Sunday, October 27, 2013

Hungarian State Folk Dance Ensemble wows the crowd at the Palladium

An extended encounter with  a dance and music tradition previously familiar only in adapted forms can be like a peek into another world. Knowing the Liszt Hungarian rhapsodies and many of the works of Bela Bartok and Zoltan Kodaly allows only a "high-art" acquaintance with the people's music that gave those composers much of their material: scales, rhythms, structures.

The real thing has plenty of elaboration and detail all its own, while presumably retaining the generating significance of music and dance in traditions that go back centuries. The Hungarian State Folk Dance Ensemble, plus six instrumentalists and a singer, visited the Palladium in Carmel Saturday night. The program focused on group dances, most of them fast and deftly arranged so as to balance ensemble patterns with individual improvisation, each display of which was rooted in a similar dance vocabulary.

Women of the Hungarian State Folk Dance Ensemble
For the women, embroidered costumes with swirling movement invariably offered a visual spectacle. A consistent elegance and a charming,  demure vivacity marked their performance. In contrast, the male dancing was rigorously athletic, punctuated by hand slaps on thighs and calves and full of high full-leg kicks, jumps, and rapid twisting torso movements generated by sideways kicks from the knee outward — which would seem a punishing sort of motion even with proper training. But the troupe's men managed it with an unquenchable desire to display their skill.

More than two dozen dancers opened the show with a spectacular overture, focusing on the most prominent Hungarian folk dances:  the czardas and the verbunkos, which were to reappear throughout the program. The latter, a military recruiting dance for men, is familiar to classical-music fans because of its use as a basis for a lively movement of Bartok's "Contrasts," commissioned by jazz clarinetist Benny Goodman.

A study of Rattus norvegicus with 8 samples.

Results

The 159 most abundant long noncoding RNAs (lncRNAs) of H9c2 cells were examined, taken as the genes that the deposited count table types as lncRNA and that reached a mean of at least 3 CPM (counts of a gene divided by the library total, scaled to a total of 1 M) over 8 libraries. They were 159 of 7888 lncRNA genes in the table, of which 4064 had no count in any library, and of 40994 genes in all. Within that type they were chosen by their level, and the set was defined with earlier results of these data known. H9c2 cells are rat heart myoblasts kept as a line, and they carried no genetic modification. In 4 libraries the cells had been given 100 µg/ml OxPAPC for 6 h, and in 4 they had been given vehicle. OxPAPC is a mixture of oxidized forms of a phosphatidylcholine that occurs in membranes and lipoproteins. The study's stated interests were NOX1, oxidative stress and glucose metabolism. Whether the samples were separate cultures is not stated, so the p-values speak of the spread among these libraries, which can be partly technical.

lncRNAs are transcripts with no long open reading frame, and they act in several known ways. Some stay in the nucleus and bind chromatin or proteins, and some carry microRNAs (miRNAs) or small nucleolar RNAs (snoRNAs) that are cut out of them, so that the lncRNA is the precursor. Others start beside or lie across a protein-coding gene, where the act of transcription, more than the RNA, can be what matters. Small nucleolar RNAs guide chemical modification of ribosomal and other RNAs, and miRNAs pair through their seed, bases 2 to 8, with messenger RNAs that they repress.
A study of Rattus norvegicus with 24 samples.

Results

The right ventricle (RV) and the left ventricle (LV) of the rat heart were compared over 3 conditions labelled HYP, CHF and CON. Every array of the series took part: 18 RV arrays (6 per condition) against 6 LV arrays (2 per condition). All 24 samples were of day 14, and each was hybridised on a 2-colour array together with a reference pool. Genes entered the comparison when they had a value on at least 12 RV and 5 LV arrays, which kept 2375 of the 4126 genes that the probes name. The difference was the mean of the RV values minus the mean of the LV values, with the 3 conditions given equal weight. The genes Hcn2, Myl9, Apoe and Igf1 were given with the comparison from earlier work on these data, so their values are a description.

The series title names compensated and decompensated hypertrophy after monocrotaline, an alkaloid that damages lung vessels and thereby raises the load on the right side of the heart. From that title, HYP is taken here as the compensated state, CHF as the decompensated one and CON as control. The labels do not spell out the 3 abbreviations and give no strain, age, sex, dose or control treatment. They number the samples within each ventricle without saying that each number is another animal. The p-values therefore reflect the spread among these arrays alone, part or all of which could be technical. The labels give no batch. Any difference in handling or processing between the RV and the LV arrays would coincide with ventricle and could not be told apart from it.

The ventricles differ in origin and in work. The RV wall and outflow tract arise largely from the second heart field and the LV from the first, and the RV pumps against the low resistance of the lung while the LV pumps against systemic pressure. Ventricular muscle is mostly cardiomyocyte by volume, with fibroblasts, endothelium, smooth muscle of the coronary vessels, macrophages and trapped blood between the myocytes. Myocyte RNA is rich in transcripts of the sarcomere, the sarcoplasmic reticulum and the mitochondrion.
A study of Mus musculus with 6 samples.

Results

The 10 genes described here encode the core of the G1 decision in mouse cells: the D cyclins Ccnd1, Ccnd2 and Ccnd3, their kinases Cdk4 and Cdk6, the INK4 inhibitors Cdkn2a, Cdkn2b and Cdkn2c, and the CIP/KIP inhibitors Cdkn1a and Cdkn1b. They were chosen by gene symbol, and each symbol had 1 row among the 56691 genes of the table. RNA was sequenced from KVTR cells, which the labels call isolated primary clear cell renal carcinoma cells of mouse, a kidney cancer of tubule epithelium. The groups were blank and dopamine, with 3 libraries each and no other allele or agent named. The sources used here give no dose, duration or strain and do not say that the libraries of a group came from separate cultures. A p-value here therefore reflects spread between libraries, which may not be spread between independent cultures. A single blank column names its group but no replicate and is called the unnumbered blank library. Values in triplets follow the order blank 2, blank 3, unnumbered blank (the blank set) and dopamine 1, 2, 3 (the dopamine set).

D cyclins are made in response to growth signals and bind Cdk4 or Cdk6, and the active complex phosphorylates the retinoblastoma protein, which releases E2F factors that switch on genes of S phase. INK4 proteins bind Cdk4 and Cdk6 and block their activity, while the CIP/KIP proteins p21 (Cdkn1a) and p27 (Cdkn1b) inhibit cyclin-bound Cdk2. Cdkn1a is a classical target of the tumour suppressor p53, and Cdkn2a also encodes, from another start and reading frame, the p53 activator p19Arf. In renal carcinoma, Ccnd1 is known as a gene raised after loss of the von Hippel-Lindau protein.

An intricate humorous interlude was "Gossip," for the women only, beginning with most of the participants seated, then launching into a nonstop patter of choral speaking and whispers to replicate the breathless chatter of the latest news and rumors common in villages the world over. It evolved into an ensemble song with outbursts of dancing. It made for quite an amusing tribute to the grandmama of today's electronic social media.

The other showcase for the women consisted of dances from Moldova, the easternmost region of Hungarian settlement, separated from the motherland by Romania. For this segment, the women wore modest head scarves and began with chairs in a circle before exuberant dancing took over, at one climactic point accompanied by thundering drum beats.

The best "suite" of dances focused on Kalotaszeg, a region in eastern Transylvania historically Hungarian but now within Romania's borders. It was attractive for its smoothly integrated visual appeal —  the women's costumes especially — and also the intense physicality and display of the men's dances, with a seamless segue into sequences for couples. Again, a planned spontaneity allowed us entry into a culture where individual variation is encouraged within a stipulated social context.

Musical interludes gave the dancers a rest and provided a showcase for the band. The cimbalom, played with a thin hammer in each hand, produces ghostly, quickly decaying pitches. That puts a premium on tremolos and rapid figuration to  articulate full phrases. The instrument's mastery demands forearm and wrist flexibility and pinpoint accuracy, as 100 strings lie across the open wooden box in front of the performer. This ensemble's cimbalomist had that mastery in abundance.

There was also a segment evoking the traditional Gypsy band, featuring highly ornamental, sometimes  lickety-split playing from the band's two solo violinists. The clarion voice of a female solo vocalist also got several opportunities for spellbinding display in the course of the show.

The company gave the impression of full-hearted involvement in putting across its culture to audiences largely unfamiliar with it. The show was effectively assembled from many components, bringing to the fore apparently all regions and influences that constitute traditional Hungarian music and dance.